Since OSHA now requires all construction workers to have fall protection when they are more than 6 ft. from the next work level, there is ongoing confusion about how to protect workers operating with minimal fall clearance. The most popular option for working in areas like this are the self-retracting lifelines, or SRLs. But can they protect workers when they are just over the 6 ft. threshold?
It is generally understood that for work areas with less than 18.5 ft. of fall clearance, use of traditional shock-absorbing lanyard is out. What is more difficult to understand is how quickly a typical SRL will engage in the event of a fall, and are workers protected when working in an area with 6 to 18.5 feet of clearance?
We recently received an email from a customers who had bought 100 Nano-Lok SRLs from DBI-SALA and was worried that when their workers were operating less than 18 ft. off the ground, they might not be high enough to protect their workers in the event of a fall.
"Well we ordered these double retractables, but they have the shock absorber that extends from 3-4 feet if a fall takes place. Say for example: a 6 foot worker working at 8 feet - if he fell would he actually hit the ground after the shock absorber is activated?"
The answer lies in the relation of the worker to the overhead anchorage point. The further from directly overhead the worker moves, the greater the amount fall clearance that will be required.
While it's true the shock pack on a Nano-Lok SRL extends up to 3-4 ft. in the event of a serious fall, and that DBI-SALA uses the longest possible stopping distance to calculate the braking distance of the unit, SRLs are really the best possible option - short of fall restraint - currently available on the market. Fall restraint systems keep a worker tethered so there is no chance of them falling in the first place, and they severely restrict the work people are able to do, especially on new construction.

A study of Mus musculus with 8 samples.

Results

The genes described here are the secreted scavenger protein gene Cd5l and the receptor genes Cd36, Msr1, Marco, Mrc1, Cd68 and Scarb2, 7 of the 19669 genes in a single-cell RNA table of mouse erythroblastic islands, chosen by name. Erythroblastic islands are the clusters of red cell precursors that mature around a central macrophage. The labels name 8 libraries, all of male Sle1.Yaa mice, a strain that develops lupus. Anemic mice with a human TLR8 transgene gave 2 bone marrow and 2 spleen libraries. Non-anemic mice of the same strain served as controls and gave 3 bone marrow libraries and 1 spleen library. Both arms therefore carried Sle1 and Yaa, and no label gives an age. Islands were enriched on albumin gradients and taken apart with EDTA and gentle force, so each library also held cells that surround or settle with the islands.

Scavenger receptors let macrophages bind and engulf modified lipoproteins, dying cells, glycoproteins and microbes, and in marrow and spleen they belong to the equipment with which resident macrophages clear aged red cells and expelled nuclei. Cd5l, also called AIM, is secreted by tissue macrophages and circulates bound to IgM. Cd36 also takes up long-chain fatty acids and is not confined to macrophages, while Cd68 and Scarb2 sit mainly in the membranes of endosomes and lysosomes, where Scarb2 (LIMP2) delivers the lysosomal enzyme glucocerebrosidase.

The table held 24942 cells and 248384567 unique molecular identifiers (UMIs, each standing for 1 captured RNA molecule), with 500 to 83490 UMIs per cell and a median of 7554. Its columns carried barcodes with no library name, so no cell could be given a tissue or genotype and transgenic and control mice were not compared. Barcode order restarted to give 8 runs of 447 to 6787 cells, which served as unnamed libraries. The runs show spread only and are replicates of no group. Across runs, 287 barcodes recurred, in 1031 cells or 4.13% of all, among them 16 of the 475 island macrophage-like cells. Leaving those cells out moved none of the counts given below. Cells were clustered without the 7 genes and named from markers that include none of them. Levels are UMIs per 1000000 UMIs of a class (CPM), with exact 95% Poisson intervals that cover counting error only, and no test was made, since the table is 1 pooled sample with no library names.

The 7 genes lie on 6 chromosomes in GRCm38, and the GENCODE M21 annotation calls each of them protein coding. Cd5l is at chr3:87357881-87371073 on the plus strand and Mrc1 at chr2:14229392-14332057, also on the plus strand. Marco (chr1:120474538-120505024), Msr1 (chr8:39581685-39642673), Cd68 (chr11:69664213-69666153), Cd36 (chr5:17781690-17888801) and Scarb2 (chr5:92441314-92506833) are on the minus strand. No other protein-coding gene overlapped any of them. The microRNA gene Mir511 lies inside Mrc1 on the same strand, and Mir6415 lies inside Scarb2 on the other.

Furthermore, in practice, the actual fall distance when using an SRL like the Nano-Lok is something closer to between 12 and 18 inches. A worker will generally be safe as long as his feet are 4 ft. above the next lower level. To the extent that the anchor point is off-set overhead, this distance needs to be adjusted. A chart in the instructions from DBI-SALA details this formula graphically.
One final point on this matter. I'm not an engineer, nor am I an at-height worker. But I do have plenty of training and experience with self-retracting lifeline devices. It's my opinion that an SRL that doesn't engage for 30 inches is likely not traveling at a sufficient velocity to engage the brakes until it gets moving. If this is the case, even taking into account some degree of swing fall, I find it unlikely the shock pack would rip to the fullest extent of its length.
This is simply another way of saying whether you call them retractables, self-retracting lifelines, or personal fall limiters, they are the best fall protection for construction workers currently available, and they are what construction workers need when working over 6 feet, but under 18.5.
If you have more questions about fall clearance, or OSHA safety standards for the construction industry, please don't hesitate to call or visit us online at www.pksafety.com.